Mr. Kenney, who remains a Member of Parliament for the Conservative Party of Canada, is scouring Alberta for support and cash, bolstering both his profile and war chest. He wants to unite the PCs with the Wildrose Party, a strategy the PCs have previously rejected but the Official Opposition said it will consider.

Alberta's NDP, the governing party, is asking Elections Alberta to investigate whether Mr. Kenney's fundraising violates provincial laws. The NDP, in a letter to the agency Wednesday, argued that Mr. Kenney is on the wrong side of donation and spending rules because the PC leadership race has not formally started.

Mr. Kenney kicked off his PC leadership bid in July, but the race is not officially open until October.

The PC drive to launch the leadership contest before October and the NDP's complaint to Elections Alberta indicate Mr. Kenney's rivals are rattled. It also highlights a gap in Alberta's election-spending legislation.

"A lot of people want the race to start earlier just because they want the clarity, they want the Elections Alberta laws to kick in as far as collecting donations," Katherine O'Neill, the PC's president, said Thursday. "I've been receiving a lot of phone calls over the summer from members that would like it to be moved."

Drew Westwater, Alberta's deputy chief electoral officer, in an interview Thursday, said there are no rules governing what politicians may do prior to registering as an official candidate in a leadership race.

"Our legislation currently doesn't have any authority to govern or restrict election spending by anyone outside the election period," he said. "Anything that is raised or spent prior to [the election period], we have no authority or jurisdiction over."

Mr. Kenney raised $34,175 from 581 donors last week, according to a fundraising e-mail sent Wednesday. He is collecting cash through a third-party vehicle dubbed Unite Alberta. The candidate has pledged to comply with Elections Alberta's regulations governing leadership races, as well as the PC rules imposed during its past two provincial leadership campaigns.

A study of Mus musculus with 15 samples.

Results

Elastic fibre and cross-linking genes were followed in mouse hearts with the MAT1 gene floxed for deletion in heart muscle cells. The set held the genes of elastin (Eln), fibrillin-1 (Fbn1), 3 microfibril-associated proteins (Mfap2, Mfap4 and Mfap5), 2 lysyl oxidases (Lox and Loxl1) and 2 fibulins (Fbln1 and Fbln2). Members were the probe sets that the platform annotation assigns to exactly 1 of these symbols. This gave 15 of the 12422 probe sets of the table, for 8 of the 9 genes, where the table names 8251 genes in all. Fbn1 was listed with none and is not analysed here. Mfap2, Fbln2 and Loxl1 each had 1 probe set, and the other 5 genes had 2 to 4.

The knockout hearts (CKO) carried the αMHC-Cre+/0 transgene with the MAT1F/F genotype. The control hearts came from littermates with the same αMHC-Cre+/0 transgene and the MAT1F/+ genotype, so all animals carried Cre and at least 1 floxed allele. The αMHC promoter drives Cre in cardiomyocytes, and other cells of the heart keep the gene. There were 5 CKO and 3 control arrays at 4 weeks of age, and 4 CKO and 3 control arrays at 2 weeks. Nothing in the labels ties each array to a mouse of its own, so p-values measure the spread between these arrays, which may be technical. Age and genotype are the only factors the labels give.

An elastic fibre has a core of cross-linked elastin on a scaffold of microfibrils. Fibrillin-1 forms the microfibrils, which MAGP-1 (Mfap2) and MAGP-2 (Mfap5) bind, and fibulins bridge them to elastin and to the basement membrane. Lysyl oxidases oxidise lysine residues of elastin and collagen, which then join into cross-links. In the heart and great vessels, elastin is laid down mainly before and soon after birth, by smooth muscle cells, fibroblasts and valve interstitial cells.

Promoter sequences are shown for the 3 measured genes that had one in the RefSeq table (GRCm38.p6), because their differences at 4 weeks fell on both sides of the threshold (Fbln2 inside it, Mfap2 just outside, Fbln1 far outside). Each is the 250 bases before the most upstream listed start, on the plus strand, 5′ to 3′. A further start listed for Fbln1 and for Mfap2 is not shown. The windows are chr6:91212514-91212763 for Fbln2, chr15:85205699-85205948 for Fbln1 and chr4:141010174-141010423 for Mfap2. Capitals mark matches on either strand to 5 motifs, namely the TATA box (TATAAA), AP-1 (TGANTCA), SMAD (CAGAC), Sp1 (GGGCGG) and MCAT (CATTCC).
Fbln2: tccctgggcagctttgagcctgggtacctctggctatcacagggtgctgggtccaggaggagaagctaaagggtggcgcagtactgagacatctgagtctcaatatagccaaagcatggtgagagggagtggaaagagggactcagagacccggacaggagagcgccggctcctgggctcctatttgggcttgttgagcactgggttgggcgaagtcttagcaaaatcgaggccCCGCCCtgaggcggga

The PC's board will meet in late August to write the rules for this leadership contest. The request to change the official start date is not on the agenda yet, Ms. O'Neill said, but she expects it to be discussed.

"Albertans expect … if there's a race, then the race should be on." The PCs will select a new leader through a delegate system in March, 2017.

Mr. Kenney, she noted, is not the only potential candidate campaigning in the province. Indeed, potential rivals are rallying support and lining up donors quietly. Mr. Kenney's campaign team did not respond to questions about the push to change the leadership schedule.

Duane Bratt, a politics professor at Mount Royal University in Calgary, believes Mr. Kenney has "flustered" some Tories.

"They are worried about one candidate who is already running getting a leapfrog in front of everybody else who is waiting for the Oct. 1 deadline," he said. The spooked PCs are concerned Mr. Kenney's head start will make him appear "insurmountable" by the time the race officially starts, Mr. Bratt said. Further, the MP for Calgary Midnapore will have a financial edge as he beats potential rivals to donors.

"It would get rid of his advantage, by moving [the Oct. 1 start date] forward," Mr. Bratt said.

Meanwhile, NDP provincial secretary Roari Richardson in his letter to Elections Alberta argues that Mr. Kenney and Unite Alberta are operating illegally by raising and spending money before the leadership race starts. The NDP, to support the argument, cited a section in the Election Finances and Contributions Disclosure Act that reads: "No leadership contestant and no person acting on behalf of a leadership contestant may, during the campaign period, (a) accept contributions, or (b) use any funds, including the funds of the leadership contestant, unless the leadership contestant is registered under this Act."

The governing party believes Mr. Kenney is "in violation of at minimum the spirit" of the law. The NDP also believe contributions to Unite Alberta are illegal, arguing the law says people may only donate to a "registered leadership candidate."